Rajo hosts editor Tom, who goes "in depth" and "on point" on using split edits (L-cuts) to make dialogue scenes flow like
Tags:What Split Edits Are,dialogue scene editing,film cutting,film editing,film sequencing,l cuts,non linear split,what does a film editor do,thesubstream
Razo Zakic: Hi, I’m Razo Zakic and welcome to Tell Me About. Today we have a very special guest, a video editor named Tom Burger. Tom, hi!
Tom Burger: Hi!
Razo Zakic: Tom, tell me about split edits.
Tom Burger: Well, when a director shoots the scene on a movie set, they often shoot the same thing multiple times from many different angles. Then it’s up to another or like me to put those shots on the proper sequence.
Razo Zakic: A video editor like yourself uses a computer, is that right?
Tom Burger: Yeah, that’s right. I cut footage using video editing software. I follow along the script to get the right sequence of events and sometimes the director will even give me notes about pacing.
Razo Zakic: So, you just put it in order.
Tom Burger: Well yes, but let’s say the scene has two people talking. The director might have filmed the entire scene from person A’s point of view and then film the entire scene again from person B’s point of view.
Razo Zakic: Wow, so the director shoots two different versions of the same scene, two different shots.
Tom Burger: Yes.
Razo Zakic: Tom, is editing hard?
Tom Burger: The first thing I do is put the scene in order, cutting right on every line of dialogue, back and forth between each speaker.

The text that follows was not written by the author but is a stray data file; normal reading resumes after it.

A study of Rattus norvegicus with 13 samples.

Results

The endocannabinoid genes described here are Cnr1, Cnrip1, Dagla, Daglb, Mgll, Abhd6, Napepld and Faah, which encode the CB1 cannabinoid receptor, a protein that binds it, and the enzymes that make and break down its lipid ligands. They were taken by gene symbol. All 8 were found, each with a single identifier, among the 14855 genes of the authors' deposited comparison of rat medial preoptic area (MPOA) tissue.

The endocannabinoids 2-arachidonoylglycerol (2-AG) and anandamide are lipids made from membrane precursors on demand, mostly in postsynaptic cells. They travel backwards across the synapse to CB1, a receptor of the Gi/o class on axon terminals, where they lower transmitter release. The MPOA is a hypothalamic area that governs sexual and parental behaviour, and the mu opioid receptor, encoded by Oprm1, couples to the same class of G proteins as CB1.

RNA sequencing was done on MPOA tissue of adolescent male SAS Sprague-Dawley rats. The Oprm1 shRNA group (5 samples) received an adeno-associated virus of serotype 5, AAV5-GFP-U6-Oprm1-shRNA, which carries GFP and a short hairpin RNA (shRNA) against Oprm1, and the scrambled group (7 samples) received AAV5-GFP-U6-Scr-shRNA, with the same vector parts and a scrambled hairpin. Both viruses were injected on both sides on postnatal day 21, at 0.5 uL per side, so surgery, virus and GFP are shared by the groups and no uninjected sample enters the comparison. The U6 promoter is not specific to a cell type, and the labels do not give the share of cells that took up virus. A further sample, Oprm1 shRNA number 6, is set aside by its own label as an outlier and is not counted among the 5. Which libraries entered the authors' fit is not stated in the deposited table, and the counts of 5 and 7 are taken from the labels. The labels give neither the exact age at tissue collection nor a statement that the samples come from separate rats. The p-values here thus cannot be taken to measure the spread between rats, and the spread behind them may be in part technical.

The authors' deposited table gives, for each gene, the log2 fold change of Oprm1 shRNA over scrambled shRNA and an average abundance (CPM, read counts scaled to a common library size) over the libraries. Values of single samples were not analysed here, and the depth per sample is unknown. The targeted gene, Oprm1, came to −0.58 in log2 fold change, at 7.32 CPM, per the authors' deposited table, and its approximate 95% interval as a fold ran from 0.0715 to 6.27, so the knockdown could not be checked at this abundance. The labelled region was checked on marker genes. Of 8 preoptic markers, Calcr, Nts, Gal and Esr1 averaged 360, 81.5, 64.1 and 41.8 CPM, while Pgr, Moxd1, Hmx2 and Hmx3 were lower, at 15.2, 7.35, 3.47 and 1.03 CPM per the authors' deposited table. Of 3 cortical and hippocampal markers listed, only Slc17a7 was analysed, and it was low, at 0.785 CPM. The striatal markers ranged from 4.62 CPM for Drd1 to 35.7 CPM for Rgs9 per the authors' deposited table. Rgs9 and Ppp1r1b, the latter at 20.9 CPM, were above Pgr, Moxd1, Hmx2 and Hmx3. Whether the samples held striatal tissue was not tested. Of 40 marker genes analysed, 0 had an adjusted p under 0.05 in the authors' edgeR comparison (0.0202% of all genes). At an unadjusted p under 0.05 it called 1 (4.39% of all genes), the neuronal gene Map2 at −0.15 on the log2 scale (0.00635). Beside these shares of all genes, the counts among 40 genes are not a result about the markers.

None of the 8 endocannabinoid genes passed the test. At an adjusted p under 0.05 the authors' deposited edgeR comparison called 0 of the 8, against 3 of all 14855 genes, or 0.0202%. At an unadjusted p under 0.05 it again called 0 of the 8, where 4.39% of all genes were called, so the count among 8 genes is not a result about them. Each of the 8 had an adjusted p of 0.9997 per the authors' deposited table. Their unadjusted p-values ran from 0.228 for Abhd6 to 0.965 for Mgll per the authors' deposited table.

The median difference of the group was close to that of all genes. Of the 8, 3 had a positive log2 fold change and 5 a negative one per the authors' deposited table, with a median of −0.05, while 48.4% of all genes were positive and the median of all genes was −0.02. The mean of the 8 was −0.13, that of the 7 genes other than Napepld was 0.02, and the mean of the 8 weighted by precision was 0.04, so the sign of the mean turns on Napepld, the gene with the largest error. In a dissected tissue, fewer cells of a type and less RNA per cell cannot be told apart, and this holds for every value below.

Razo Zakic: Back and forth?
Tom Burger: Yeah, exactly.
Razo Zakic: First one person says something.
Tom Burger: Yup.
Razo Zakic: And then when they’re done speaking, the other person says something.
Tom Burger: Yeah but the problem is that.
Razo Zakic: So, that’s called a split edit.
Tom Burger: No, that’s a straight cut. We haven’t gotten the split edit yet.
Razo Zakic: So, tell me about split edits. Let’s hear it.
Tom Burger: Well, the problem with straight cutting is that it can make the scene feel kind of stiff and unnatural.
Razo Zakic: I was going to say “herky jerky”.
Tom Burger: Right exactly. The conversation doesn’t flow so nice. So, it’s kind of jarring for the audience like watching a tennis match.
Razo Zakic: Because of the back and forth.
Tom Burger: Right. The editor will try to make the scene flow much more smoothly on screen. And he’ll do this by changing the timing of the visual edits while leaving the sound intact.
Razo Zakic: Okay, slow down.
Tom Burger: Well, imagine that person A is speaking. Instead of waiting for them to finish their line of dialogue, an editor may cut to person B halfway through person A’s sentence.
Razo Zakic: So, we get to see a shot of person B’s face while person A is still talking.
Tom Burger: That’s right. And it works the other way too. When person A finishes their line of dialogue, the editor may choose to stay on his phase while person B starts talking.
Razo Zakic: So in that instance, we get to see a shot of person A’s phase while person B is speaking. You know, I think I’m getting it, do me a favor though, give it to me in another way.
Tom Burger: All an editor is doing here is cutting the visuals either before or after any given character completes line of dialogue. That’s a split edit. It’s also called an L-cut because of how it looks on the timeline.
Razo Zakic: You are kind of blowing my mind right now. But listen Tom, can you explain why this helps to make the conversation flow a little more smoothly in the scene?
Tom Burger: The idea is that the editor is hiding the scene so to speak. It’s a bit like a slide of hand. By cutting the image in the spot that doesn’t match the cut in the audio, the visual rhythm of the scene becomes more unpredictable. And before you know it, the viewer stops thinking about the actual cuts and concentrates on what’s happening in the scene.
Razo Zakic: It’s kind of like hypnosis, isn’t it? The viewer forgets that there are actually two shots that make up the scene. You know, what, I think I get it. I think I do. Split edits.
Tom Burger:’ Right. Right.
Razo Zakic: Okay, I get it. Tom, thank you so much for coming on the show and telling us all about split edits.